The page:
January 31, 2023
I ended last month by sharing my committee assignment, which is Education. Learning about related processes was my focus in January. To guide this, the NH Department of Education (NH DOE) provided an immersive orientation held at Granite State College. The experience served as an introduction to the multi-faceted topics the committee will make decisions on. Building/renovation aid, federal relief grants, adequacy determination, and special education funding were some of the topics covered. The NH DOE staff were highly knowledgeable and provided valuable resources to the committee.
Following orientation, the Education Committee’s efforts shifted to Public Hearings. In January, the House Education Committee heard forty-eight out of the ninety-one total bills assigned to Education. No other committee has as many bills. Of the forty-eight, the committee voted on nine during executive sessions: five were Ought to Pass (OTP), three were Inexpedient to Legislate (ITL), and one was retained.
Due to statute RSA 91-A, all meetings of public bodies must be open to the public. Therefore, every bill is heard in front of at least one committee and anyone is welcome to attend or testify. A complete list of scheduled hearings is published weekly by the House Clerk’s office and made available on the NH General Court website. I appreciate the efforts of all who have taken part so far and hope to see even more citizen participation in the future.
Sessions can also be viewed by the public. At the Convening Day session, the House voted on rules for the term. Among the rules were proposals relating to firearms and proxy voting. The Republican majority ruled the day with steadfast defense of gun rights and opposition to voting via a substitute. On the following day, the House met in joint-session with the Senate. Hence, members of both legislative bodies were present for Governor Christopher Sununu’s fourth-term inauguration. Following his oath of office, Sununu swore in the Executive Council, which is unique to the Granite State. Notably, all five Councilors were incumbents.
Throughout January, I learned and legislated simultaneously. Advocating for the people of Salem and the betterment of New Hampshire will continue to be my course of action.
December 31, 2022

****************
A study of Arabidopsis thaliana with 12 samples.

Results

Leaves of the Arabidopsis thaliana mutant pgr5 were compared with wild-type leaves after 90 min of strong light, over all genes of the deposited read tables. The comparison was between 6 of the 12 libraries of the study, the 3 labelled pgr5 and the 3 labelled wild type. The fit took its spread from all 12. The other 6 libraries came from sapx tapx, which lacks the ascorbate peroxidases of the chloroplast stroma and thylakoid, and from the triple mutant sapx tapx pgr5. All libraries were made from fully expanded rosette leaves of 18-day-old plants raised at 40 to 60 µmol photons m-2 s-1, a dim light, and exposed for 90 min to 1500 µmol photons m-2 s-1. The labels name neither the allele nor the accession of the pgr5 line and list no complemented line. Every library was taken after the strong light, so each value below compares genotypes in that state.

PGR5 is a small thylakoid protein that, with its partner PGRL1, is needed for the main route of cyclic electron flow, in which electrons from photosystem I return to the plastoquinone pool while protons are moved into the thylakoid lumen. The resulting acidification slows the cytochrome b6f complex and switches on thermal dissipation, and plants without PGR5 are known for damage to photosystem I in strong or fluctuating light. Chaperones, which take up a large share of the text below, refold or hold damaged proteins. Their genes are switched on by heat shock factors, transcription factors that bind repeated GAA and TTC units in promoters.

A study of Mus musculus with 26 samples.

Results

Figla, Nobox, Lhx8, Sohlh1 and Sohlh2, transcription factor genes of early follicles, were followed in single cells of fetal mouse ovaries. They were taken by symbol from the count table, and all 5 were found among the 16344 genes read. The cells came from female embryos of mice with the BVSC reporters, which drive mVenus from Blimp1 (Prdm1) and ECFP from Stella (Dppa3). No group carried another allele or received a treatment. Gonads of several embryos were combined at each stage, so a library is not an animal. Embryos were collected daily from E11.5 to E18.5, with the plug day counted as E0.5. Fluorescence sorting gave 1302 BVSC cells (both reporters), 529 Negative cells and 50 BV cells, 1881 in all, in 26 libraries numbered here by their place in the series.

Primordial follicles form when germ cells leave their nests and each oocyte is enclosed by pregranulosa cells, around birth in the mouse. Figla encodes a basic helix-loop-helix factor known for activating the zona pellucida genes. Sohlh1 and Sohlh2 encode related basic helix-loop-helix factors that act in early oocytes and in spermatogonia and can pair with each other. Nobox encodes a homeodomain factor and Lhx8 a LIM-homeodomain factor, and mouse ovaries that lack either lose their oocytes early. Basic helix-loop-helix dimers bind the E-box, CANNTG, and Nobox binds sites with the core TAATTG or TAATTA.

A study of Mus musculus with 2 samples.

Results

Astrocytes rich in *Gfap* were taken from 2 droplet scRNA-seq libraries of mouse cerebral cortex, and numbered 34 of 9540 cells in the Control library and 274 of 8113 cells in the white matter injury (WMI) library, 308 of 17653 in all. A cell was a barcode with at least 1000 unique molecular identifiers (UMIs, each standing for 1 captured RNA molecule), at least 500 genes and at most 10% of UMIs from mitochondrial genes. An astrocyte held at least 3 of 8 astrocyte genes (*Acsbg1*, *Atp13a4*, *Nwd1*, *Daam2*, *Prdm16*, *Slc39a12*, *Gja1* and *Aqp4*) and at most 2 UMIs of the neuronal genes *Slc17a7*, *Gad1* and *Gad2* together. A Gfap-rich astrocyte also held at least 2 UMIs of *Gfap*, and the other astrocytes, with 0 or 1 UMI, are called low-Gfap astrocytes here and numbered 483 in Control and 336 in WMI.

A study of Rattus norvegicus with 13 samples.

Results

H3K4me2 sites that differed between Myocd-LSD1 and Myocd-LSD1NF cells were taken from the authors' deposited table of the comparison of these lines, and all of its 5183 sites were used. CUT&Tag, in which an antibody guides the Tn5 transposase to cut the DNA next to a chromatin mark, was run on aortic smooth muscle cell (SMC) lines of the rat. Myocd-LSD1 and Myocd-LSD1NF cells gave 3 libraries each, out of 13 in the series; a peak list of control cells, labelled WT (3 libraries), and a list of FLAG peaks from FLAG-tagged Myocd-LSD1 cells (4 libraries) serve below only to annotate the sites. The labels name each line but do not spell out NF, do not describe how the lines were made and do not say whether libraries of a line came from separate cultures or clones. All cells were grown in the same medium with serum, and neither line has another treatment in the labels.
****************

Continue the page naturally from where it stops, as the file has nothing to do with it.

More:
December was filled with incredible experiences. To open the month, The State House hosted a New Legislator Orientation. In addition to being greeted by experienced legislators, I mingled with newcomers. Districts range from The Canadian border to the Massachusetts border, so the legislature reflects unique New Hampshire varieties. Also, the Orientation provided an opportunity to learn about the different campaign strategies and structural differences to elections across the state.
The most exciting part of December was Organization Day. In accordance with tradition, I, as the youngest representative, began the procession with The Pledge of Allegiance. Later the Governor and Executive Council swore in all legislators. We took our oaths of office and got straight to business. The day’s events included voting for House Speaker, House Clerk, State Treasurer, and Secretary of State. The nominating procedures for each position were underway when, to the shock of many of my colleagues, I was called to speak at the well. The chamber fell silent as I delivered a speech to second the nomination of David Scanlan for Secretary of State. His election was particularly remarkable because he garnered bipartisan support to win by a sizeable margin. I remain confident in his and the other state leaders’ abilities as we embark on a term with many more lengthy sessions to come.
To round out the month, House Committee and seating assignments were released. I will be serving on the Education Committee. My principal aims will be in regard to Education Freedom Accounts (EFA), civics courses, and Career and Technical Education (CTE). I am eager to learn from experienced legislators as December turns into January to begin the new year—a year of possibilities.